I am all for judicial activism, and certainly for judicial endorsement of the informed (and preferably consensual) use by litigation parties of a range of technology tools which have been developed to manage the time and costs of litigation discovery. The new UK eDisclosure rules, due to take effect in April 2013, give considerable power to judges (strictly, they spell out powers which judges already have) to direct not only the scope of disclosure but also the manner of dealing with it.
I am less taken with the idea that a judge might, of his own motion, announce to surprised parties that they must “talk about a single discovery provider… One of these wonderful discovery superpowers [or] if you cannot agree… submit names to me and I will pick one for you”
It was a case, said Vice Chancellor J. Travis Laster in Delaware Chancery Court, “in which the parties would benefit from using predictive coding”. If they don’t want to do that, he adds, he would like them “to show cause why this is not a case where predictive coding is the way to go”.
Do not misunderstand me – when I say I am “less taken” with this approach, I do not mean that it is necessarily wrong, if the case and the parties are the right ones. The judge does, after all, expressly give the parties the opportunity to show that this is not “the way to go” and it will be interesting to see in due course what they have to say.
I generally take the line that, who ever is responsible for giving discovery / disclosure, the burden passes to the party who argues for the more expensive course. Now that the subject has been forced on them, and given the savings which predictive coding can bring, the parties, separately and together, will have to show that some other approach is cheaper or better or both.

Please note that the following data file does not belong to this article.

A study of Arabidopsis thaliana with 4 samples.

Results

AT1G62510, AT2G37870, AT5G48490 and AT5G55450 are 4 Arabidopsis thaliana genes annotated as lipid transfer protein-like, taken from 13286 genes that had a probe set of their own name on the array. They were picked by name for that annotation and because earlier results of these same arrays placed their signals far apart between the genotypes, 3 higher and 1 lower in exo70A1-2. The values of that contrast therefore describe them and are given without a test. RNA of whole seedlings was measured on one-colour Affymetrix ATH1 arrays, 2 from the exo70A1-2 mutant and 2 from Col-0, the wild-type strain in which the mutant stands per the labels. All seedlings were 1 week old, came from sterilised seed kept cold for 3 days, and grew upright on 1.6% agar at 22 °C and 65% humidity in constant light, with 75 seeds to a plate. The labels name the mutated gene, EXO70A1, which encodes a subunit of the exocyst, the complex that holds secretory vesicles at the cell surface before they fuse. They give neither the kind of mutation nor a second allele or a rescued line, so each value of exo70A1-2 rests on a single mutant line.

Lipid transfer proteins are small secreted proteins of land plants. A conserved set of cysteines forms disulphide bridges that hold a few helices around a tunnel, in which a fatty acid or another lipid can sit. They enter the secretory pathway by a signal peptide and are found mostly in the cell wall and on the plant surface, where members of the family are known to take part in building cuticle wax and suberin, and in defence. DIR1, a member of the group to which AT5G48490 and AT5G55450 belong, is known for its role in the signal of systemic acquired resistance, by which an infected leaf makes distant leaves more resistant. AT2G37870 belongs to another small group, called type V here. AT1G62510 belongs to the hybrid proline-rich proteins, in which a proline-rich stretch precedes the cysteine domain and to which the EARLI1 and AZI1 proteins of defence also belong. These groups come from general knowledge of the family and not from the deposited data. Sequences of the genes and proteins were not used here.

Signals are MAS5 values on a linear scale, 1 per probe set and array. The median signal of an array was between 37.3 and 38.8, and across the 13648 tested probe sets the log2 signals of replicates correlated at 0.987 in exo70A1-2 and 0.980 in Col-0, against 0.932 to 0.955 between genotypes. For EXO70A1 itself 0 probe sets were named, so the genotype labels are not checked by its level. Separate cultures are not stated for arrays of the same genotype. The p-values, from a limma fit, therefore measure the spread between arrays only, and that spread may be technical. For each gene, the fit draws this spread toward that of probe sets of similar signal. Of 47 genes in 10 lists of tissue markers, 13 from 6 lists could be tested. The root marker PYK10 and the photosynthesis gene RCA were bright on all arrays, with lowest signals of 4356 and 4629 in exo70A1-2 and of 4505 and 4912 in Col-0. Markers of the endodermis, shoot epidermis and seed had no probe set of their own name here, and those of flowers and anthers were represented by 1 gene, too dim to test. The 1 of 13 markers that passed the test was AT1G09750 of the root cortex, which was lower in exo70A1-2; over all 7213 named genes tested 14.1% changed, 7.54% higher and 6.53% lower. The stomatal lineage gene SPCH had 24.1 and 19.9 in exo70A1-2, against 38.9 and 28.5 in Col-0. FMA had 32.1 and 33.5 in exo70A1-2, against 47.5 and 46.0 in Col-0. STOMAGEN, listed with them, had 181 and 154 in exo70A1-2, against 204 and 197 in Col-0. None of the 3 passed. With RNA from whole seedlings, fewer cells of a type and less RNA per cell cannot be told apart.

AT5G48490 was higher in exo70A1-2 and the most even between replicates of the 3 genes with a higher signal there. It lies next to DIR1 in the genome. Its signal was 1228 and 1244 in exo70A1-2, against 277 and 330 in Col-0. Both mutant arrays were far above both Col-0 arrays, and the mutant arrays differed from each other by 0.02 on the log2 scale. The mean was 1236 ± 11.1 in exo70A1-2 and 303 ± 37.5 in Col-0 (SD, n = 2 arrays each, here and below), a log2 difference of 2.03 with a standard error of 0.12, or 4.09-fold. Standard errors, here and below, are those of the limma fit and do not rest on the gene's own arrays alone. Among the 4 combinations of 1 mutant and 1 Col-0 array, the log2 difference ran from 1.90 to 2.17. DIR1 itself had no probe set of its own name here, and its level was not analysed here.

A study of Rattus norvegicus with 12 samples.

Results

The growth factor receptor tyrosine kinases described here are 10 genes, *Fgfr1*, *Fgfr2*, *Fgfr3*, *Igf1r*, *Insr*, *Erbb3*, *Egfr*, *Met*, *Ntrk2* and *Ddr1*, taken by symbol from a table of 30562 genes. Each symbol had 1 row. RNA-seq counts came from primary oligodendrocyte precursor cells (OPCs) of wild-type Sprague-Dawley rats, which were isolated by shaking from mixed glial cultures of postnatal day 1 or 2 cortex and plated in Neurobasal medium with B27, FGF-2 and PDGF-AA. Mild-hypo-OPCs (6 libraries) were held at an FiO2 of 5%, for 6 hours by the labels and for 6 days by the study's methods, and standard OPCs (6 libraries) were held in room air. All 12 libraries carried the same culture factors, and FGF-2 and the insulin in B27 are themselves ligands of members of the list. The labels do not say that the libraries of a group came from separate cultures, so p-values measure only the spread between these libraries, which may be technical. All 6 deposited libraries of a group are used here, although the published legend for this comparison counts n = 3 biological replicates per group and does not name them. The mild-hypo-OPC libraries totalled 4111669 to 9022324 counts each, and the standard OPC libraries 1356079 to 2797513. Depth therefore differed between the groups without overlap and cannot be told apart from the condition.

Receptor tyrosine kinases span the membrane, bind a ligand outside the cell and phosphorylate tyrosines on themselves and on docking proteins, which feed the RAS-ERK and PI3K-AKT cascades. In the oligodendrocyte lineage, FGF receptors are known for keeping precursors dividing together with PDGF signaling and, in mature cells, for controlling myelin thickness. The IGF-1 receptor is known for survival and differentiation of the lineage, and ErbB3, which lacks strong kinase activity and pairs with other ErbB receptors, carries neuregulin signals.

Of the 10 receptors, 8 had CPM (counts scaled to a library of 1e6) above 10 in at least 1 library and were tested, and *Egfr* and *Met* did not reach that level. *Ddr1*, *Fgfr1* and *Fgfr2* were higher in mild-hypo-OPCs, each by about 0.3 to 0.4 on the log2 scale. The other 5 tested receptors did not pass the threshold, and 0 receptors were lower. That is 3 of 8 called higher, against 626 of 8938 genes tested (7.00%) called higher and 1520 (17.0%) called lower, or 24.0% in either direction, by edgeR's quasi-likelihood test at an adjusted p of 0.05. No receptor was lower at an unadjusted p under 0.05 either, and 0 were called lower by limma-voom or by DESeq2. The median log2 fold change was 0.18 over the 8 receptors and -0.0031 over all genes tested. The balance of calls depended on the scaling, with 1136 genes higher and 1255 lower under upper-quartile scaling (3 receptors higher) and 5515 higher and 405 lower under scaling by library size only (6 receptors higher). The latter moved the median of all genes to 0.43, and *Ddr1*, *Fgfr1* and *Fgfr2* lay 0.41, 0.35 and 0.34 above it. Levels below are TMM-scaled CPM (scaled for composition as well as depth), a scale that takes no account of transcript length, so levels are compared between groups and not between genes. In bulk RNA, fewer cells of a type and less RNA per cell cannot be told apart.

What are my reservations? Should we not applaud the boldness of a judge who forces the concentration of minds in this way? Some of the arguments against this are set out in Ralph Losey’s article NEWS FLASH: Surprise Ruling by Delaware Judge Orders Both Sides To Use Predictive Coding. They include technical but important points like Sedona Principle 6 which stresses that the responding parties “are best situated to evaluate the procedures, methodologies and techniques appropriate for their own electronically stored information”. Craig Ball and Dominic Jaar have contributed their views to Ralph Losey’s piece.
My own reservations are based more on the fear that this high wire act will go terribly wrong in some unspecified way. I am all for pushing out the boundaries of judicial activism but am constitutionally inclined (in anything I do) to slow, steady steps rather than big leaps.
Let’s see what happens. Meanwhile, it is the inescapable duty of lawyers and judges to undertake the comparative exercise which has now been forced on the parties to this case – to consider more than one way of skinning the rabbit and to make arguments based not just on technical sophistication (on the one hand) or on nervousness about defensibility (on the other) but on hard-edged assessments of what is right for the case. What will lead most effectively to the proportionate exercise tending towards the “just, speedy and inexpensive” course in the US and the overriding objective in the UK? Perhaps extreme judicial activism is the “way to go”.